Religious slaughter ‘should never be a problem in any society’, says Frans Timmermans

    The most senior Vice President of the European Commission has said that shechita "should never be a problem in any society", just a few days after a region of Belgium voted to ban the method of religious slaughter.

    Frans Timmermans, whose institution is responsible for processing and implementing EU laws, made the comments in a speech to the Conference of European Rabbis on Tuesday night. 

    On Friday, the environmental committee in the parliament of the Walloon region of Belgium unanimously passed a motion to ban both shechita and halal methods of religious slaughter. If passed by the full regional parliament, it will come into effect in September 2019.

    However, Mr Timmermans told the crowd at a dinner in Amsterdam celebrating the CER's 60th anniversary that "we at the European Commission, and I personally", would defend "freedom of religion and religious practices.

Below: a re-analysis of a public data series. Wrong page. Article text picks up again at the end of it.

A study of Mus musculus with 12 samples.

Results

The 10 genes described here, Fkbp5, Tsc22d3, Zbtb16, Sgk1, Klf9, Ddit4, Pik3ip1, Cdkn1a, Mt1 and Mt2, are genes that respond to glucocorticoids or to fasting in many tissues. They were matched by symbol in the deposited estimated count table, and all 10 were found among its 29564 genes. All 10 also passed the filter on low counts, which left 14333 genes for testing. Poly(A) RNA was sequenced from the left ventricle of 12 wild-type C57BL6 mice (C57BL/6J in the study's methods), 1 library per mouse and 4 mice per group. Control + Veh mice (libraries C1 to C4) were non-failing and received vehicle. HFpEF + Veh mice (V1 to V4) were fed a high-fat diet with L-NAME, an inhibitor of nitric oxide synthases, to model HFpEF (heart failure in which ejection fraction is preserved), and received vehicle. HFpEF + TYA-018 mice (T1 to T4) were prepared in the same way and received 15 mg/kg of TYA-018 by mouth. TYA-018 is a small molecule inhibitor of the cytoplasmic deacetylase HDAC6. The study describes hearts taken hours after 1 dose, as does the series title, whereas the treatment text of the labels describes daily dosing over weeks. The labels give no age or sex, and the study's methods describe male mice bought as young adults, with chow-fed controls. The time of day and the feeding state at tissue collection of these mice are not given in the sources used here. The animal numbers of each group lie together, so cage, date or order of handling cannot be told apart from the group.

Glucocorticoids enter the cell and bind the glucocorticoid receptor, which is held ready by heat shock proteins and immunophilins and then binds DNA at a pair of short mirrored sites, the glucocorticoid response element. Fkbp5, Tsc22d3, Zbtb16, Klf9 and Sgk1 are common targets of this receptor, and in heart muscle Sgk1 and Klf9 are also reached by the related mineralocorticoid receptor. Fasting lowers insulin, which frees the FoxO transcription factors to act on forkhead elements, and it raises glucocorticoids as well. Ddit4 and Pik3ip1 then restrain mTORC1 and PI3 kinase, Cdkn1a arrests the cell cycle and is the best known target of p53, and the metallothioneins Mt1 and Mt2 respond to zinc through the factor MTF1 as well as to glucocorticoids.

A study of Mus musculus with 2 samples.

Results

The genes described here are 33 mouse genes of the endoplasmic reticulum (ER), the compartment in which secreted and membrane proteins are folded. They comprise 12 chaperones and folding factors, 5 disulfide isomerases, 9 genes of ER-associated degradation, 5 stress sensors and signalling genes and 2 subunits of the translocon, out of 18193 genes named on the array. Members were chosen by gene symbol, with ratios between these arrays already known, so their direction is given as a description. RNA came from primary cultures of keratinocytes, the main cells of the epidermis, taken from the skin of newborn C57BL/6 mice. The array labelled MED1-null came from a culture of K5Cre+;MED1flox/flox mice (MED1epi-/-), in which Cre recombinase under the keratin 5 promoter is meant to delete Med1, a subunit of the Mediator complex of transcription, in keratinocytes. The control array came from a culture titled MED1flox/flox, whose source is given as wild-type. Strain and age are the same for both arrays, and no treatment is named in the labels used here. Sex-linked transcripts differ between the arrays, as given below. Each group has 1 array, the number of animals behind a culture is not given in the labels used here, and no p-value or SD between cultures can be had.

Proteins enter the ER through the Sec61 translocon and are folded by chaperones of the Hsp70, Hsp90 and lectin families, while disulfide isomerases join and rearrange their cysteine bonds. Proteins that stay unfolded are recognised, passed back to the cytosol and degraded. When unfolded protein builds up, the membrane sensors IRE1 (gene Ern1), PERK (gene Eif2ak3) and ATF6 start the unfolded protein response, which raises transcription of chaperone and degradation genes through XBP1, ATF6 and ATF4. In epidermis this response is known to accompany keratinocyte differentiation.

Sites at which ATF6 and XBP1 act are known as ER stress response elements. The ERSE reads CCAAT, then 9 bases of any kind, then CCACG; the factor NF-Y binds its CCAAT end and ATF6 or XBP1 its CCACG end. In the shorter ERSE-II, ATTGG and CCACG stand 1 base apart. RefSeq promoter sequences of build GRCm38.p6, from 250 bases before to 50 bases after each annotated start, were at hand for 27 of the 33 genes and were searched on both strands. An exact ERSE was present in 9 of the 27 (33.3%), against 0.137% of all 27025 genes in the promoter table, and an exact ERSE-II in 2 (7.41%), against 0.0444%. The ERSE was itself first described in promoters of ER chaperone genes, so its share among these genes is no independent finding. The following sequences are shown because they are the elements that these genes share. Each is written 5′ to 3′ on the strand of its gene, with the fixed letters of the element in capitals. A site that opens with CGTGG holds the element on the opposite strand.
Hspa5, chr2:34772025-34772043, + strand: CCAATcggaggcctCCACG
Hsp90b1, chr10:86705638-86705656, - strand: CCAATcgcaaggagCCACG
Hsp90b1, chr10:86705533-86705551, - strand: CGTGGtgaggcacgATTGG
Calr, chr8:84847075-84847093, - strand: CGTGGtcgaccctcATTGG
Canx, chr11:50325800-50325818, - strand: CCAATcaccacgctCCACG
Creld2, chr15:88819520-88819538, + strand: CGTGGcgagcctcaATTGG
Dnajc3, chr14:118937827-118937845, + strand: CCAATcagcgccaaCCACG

"If religious slaughter is done according to the rules, by people who are trained and certified, that should never be a problem in any society", he said, adding that he felt similarly about circumcision.

    Mr Timmermans was in part responding to a speech given minutes earlier at the dinner by Rabbi Albert Guigui, chief rabbi of Brussels, who called upon the EU bureaucrat to "join us as our friend and ally in this fight for religious freedom".

    In his own speech to the conference, Rabbi Pinchas Goldschmidt, president of the CER and chief rabbi of Moscow, described the Walloon parliament's move as "a position that not only disregards the ample body of scientific evidence that supports shechita as a humane method of slaughter, but also disregards the simple fact that the shechita process conforms with all the norms of animal welfare as well as the European definition of stunning".

    Rabbi Goldschmidt also identified "a prominent political party in Norway, a member of the ruling coalition, which seeks to ban circumcision", describing the policy moves in the two countries as "attacks on faith". Norway is not an EU member country.